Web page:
SeaDataNet defined ODV ASCII and NetCDF (CF) as standards for harmonised delivery of data sets through the downloading process, while MedATLAS is an optional format.

For Geo-Seas it was required to examine this list both for geological and geophysical data sets and to formulate an extended list of supported data formats.  This has resulted in 2 guidelines that are defining how the SeaDataNet standard file formats should be used for Geo-Seas types of data and what extra data file formats should be supported to handle specific data types.

This manual for data providers describes in detail how to format a range of geological analysis results in a standard ODV ASCII format. It describes the different types of geological data sets that result from analyses carried out on samples and cores. It explains the use of the ODV format and lists the vocabularies and classifications from both the Common Vocabularies and the GeoSciML lexicon which should be used for these data types. It is complimented by a set of example ODV files have been prepared to demonstrate what is required from the data providers.

Practical approach for multiple analyses on a sample / core:
Geological samples/cores taken in the field provide basic metadata for the CDI. Subsequently multiple analyses may be carried out on these samples, for example, grain size analysis, chemical analysis, spectral analysis, etc. In order to describe this in the CDI metadata and to make the resulting analytical data accessible for Geo-Seas users the following approach has been adopted in Geo-Seas:

Each field sample / core is described, including metadata information such as position, date, collector, instrument, platform etc, in a single individual CDI record; in addition all the relevant parameter groups (using P021 vocabulary) for all the analyses that have been carried out on that specific sample are also included in this CDI. However different analyses might have been carried out on different sections of the individual sample/core. This is particularly applicable for core material so that there might be a lithological log analysis which gives a classification of the sediment type for a number of depth intervals. In addition there may be analytical data for a number of subsamples from specific depths in the sample. It was originally planned to combine all these analyses in a single ODV file. However, this has proved to be very complex and difficult to handle, especially because of the various vertical depths down the sample/core. Also understanding these integrated ODV files is potentially very difficult and likely to hamper their subsequent use and representation. In order to prevent the complexity of merging these multiple analyses into one ODV file, a single CDI metadata record has been created which has multiple ODV files associated with it, one for each specific analysis. These files are then packed as a single file (using zip, arj  etc) which is shown as a single packed file in the Download Manager Coupling Table.

This manual for data providers describes in detail the agreed standards for the transport of geophysical data including: ODV data format and standards adopted for geophysical tracks, NetCDF for gridded geophysical datasets and XTF for side-scan sonar. SEG-Y will be used for the seismic and UKOOA P1/90 for the navigation tracks of seismic surveys.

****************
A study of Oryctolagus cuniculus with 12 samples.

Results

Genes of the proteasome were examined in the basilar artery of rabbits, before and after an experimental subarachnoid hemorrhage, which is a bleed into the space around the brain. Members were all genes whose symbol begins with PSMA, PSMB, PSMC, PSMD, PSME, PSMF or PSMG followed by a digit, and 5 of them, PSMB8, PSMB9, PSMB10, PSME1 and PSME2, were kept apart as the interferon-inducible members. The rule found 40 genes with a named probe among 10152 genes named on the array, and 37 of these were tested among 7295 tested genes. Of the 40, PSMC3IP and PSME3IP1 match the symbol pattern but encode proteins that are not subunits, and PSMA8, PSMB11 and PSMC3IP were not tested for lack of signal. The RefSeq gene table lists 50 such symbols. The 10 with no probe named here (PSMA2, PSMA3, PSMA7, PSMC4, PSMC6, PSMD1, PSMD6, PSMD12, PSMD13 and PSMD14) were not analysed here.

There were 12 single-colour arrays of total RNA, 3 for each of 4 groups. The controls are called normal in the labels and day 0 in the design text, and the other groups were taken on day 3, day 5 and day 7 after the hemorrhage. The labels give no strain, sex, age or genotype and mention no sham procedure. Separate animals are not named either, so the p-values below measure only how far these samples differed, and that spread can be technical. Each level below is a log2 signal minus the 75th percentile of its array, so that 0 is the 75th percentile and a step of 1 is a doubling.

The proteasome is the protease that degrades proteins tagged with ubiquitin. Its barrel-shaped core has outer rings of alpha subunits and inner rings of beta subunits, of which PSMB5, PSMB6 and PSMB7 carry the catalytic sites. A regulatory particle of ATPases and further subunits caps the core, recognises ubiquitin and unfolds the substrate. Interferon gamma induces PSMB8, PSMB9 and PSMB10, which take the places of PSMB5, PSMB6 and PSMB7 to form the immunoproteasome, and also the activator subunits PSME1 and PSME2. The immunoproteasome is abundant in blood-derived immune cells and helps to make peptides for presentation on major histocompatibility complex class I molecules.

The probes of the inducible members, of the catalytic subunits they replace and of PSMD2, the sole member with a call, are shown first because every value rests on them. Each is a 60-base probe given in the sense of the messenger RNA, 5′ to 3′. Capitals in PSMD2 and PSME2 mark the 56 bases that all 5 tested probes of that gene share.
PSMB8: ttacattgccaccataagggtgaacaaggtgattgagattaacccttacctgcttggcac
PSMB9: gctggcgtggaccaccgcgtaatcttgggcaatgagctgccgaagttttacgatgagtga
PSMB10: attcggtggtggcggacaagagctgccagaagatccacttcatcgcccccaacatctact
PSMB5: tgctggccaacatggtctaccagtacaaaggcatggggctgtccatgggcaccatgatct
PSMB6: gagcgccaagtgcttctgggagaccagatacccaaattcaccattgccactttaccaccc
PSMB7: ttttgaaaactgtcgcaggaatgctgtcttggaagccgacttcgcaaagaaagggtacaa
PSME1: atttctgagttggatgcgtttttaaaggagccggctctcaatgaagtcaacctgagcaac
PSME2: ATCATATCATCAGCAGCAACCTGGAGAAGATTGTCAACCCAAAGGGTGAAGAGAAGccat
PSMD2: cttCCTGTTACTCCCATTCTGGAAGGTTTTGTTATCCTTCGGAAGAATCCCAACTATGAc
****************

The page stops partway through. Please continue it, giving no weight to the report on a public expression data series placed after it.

To allow ease of access to the geological and geophysical data sets for end users, Geo-Seas has minimised the number of standard data formats used for data delivery and exchange within the project as far as possible. The majority of the data types selected for the purposes of data delivery within the Geo-Seas project are also used for the SeaDataNet project. This allows the reuse of the existing SeaDataNet technologies and also facilitates interoperability between the various data types. It will also assist in the development of multidisciplinary data products. Geo-Seas partners therefore agreed that Track data (data that are sampled along a trackline) will use the ODV format and Gridded data (data referencing a grid, for example, a DTM) will use the NetCDF format.

However, a number of data types can be delivered in either format. For example, marine geophysical data is generally captured along survey tracks, but after processing this data becomes gridded data which can then be delivered in NetCDF format. A detailed specification for each data format has been drafted. As for all data formats it is essential that sufficient metadata is captured for each data set to ensure that the link can be made to the associated CDI metadata.

The following table gives the agreed overview of the Geo-Seas data types and the proposed data transport formats.

 

 

Data Type

Accepted Formats

 

Geological data (point)

ODV & GeoSciML

 

Geological data (gridded)

NetCDF

 

Grab samples and unconsolidated

ODV & GeoSciML

 

Specimen

ODV & GeoSciML

 

Rock Cores

ODV & GeoSciML

 

Gravimetry (tracking)

ODV

 

Gravimetry (gridded)

NetCDF

 

Magnetic (tracking)

ODV

 

Magnetic (gridded)

NetCDF

 

Bathymetry (tracking)

ODV

Bathymetry (gridded + swath)

NetCDF

Borehole

ODV & GeoSciML

Borehole (images)

PNG

Heat Flow

ODV

Seismics (digital data)

SEG-Y

Seismics (scanned images)

TIFF / PNG

Seismics (navigation)

UKOOA

Side scan sonar

XTF

Images

PNG

Maps (data products)

GeoSciML

       


The NEMO software package can be used for converting any ASCII format to the standard  ODV ASCII data format. The application of geological classifications in ODV for describing lithological logs gave cause for an upgrade of the software, because it was so far only fit for handling numeric values. The upgraded NEMO version is now available.